The sluggish response to the current outbreak by the UK government recently pushed me to take stock of what the pandemic reveals to us about this current moment and ways we might navigate it. In some ways, the virus has proved to be politically polarizing in a way that has played out in an exceptionally revealing manner. The authoritarian strongmen in charge of two of the largest democracies on the planet, Trump and Bolsonaro, first tried to counter the rising concern with a combination of denial, conspiratorial whispers and outright refusal to allow measures to aid the general public to be implemented.
The puzzled responses to the current advice given by the UK’s chief science adviser suggesting a strategy of ‘herd immunity’, hints at what might be a darker truth that the government plans will do little to reduce the rate of infection, furthermore backed by comments by Johnson suggesting many families should be prepared “Lose loved ones ahead of their time” alongside a general lack of a desire to close down educational establishments, large gatherings, transnational transport networks and sports events.
The response of the FTSE 100 is perhaps even more revealing, at the time of writing unlike many of the countries in the far-east who took exceptional measures to reduce the spread of infection and have subsequently seen a reduction in economic performance, the FTSE 100, a share index of the top 100 companies regulated by UK law rose by 7%. There is a fundamental contradiction driving and shaping many of these responses in that contagion and commerce run counter to each other, the most effective measures as shown throughout Europe and Asia have been shown to be ones that directly hamper economic performance and capital accumulation. Perhaps, then like in line with the sadly departed Mark Fisher’s notion of Capitalist Realism, what we’re actually witnessing is the capture and curtailing of political and creative possibility which, even in the practical realm of problem-solving, becomes subjected to the requirements of capital expansion. For the ruling class the notion of a virus that broadly only seems to disproportionately impact those already deemed ‘economically inactive’ is perhaps another factor influencing their bloodless responses and lethargic press conferences, can the health of a society constituted considered beyond the realm of economic reason truly seep through to those who claimed and continue to claim that it never really existed in the first place?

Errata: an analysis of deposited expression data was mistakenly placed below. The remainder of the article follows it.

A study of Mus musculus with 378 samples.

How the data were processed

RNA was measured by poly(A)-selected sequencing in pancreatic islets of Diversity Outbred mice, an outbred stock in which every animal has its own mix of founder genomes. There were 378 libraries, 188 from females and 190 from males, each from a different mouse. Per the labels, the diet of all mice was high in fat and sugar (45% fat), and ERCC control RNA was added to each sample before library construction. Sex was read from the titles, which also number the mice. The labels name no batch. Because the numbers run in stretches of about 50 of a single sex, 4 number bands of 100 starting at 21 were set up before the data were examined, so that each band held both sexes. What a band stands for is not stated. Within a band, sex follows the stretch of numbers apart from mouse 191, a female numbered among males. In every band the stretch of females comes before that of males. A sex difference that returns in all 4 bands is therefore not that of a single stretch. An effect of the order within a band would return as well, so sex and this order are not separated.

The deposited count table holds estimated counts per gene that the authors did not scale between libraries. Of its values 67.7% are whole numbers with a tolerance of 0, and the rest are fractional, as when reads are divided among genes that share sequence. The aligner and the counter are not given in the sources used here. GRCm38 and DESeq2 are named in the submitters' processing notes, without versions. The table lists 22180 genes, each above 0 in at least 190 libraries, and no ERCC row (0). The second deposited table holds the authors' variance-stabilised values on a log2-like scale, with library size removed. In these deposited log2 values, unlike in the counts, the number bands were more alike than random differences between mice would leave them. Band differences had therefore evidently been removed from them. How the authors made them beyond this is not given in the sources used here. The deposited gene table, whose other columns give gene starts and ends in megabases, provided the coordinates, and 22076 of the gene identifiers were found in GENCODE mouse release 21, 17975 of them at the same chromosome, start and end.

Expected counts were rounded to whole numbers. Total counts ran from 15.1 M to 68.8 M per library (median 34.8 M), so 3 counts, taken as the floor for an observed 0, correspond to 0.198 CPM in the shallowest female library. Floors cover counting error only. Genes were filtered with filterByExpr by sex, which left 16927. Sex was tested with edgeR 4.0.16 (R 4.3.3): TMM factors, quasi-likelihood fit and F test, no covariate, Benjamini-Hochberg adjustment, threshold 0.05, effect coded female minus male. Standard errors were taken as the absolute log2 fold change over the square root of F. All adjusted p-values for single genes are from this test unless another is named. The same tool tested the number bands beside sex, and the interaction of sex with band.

Here then as pointed out by others is a true test of the concept of society, a virus that generally doesn’t kill the young, healthy and fit but can, and disproportionately has killed those who they come into contact with, meaning a more meaningful response can only come from defining a society and a civic responsibility that goes beyond one’s immediate vicinity. The concept of spontaneous organization and the principle of solidarity emphasized by certain radical strains of thought gives one template as to how we can realize this possibility, contained within the writings of Kropotkin and Malatesta is the recognition that cooperation and mutual aid have always been one key underlying principle of advancement, progress and development of living beings. Establishing solidarity becomes then less of an optimistic goal rather an already existing facet of survival obscured by less tangible notions of nationalism, competition and artificial scarcity.
In realizing a more radical notion of kinship towards others based on more than just on immediate requirements of the self, but rather how these requirements are inextricably bound up within the survival and prospering of the wider community, we can challenge the presuppositions on which some of the UK’s government’s responses are based, the idea of necessary rates of infection and we can only assume because of the poorly outlined plans to look after the vulnerable, perhaps a necessary number of untimely deaths. Any suffering rather then being held up as a kind of secular theodicy becomes then an object of condemnation and a call to action.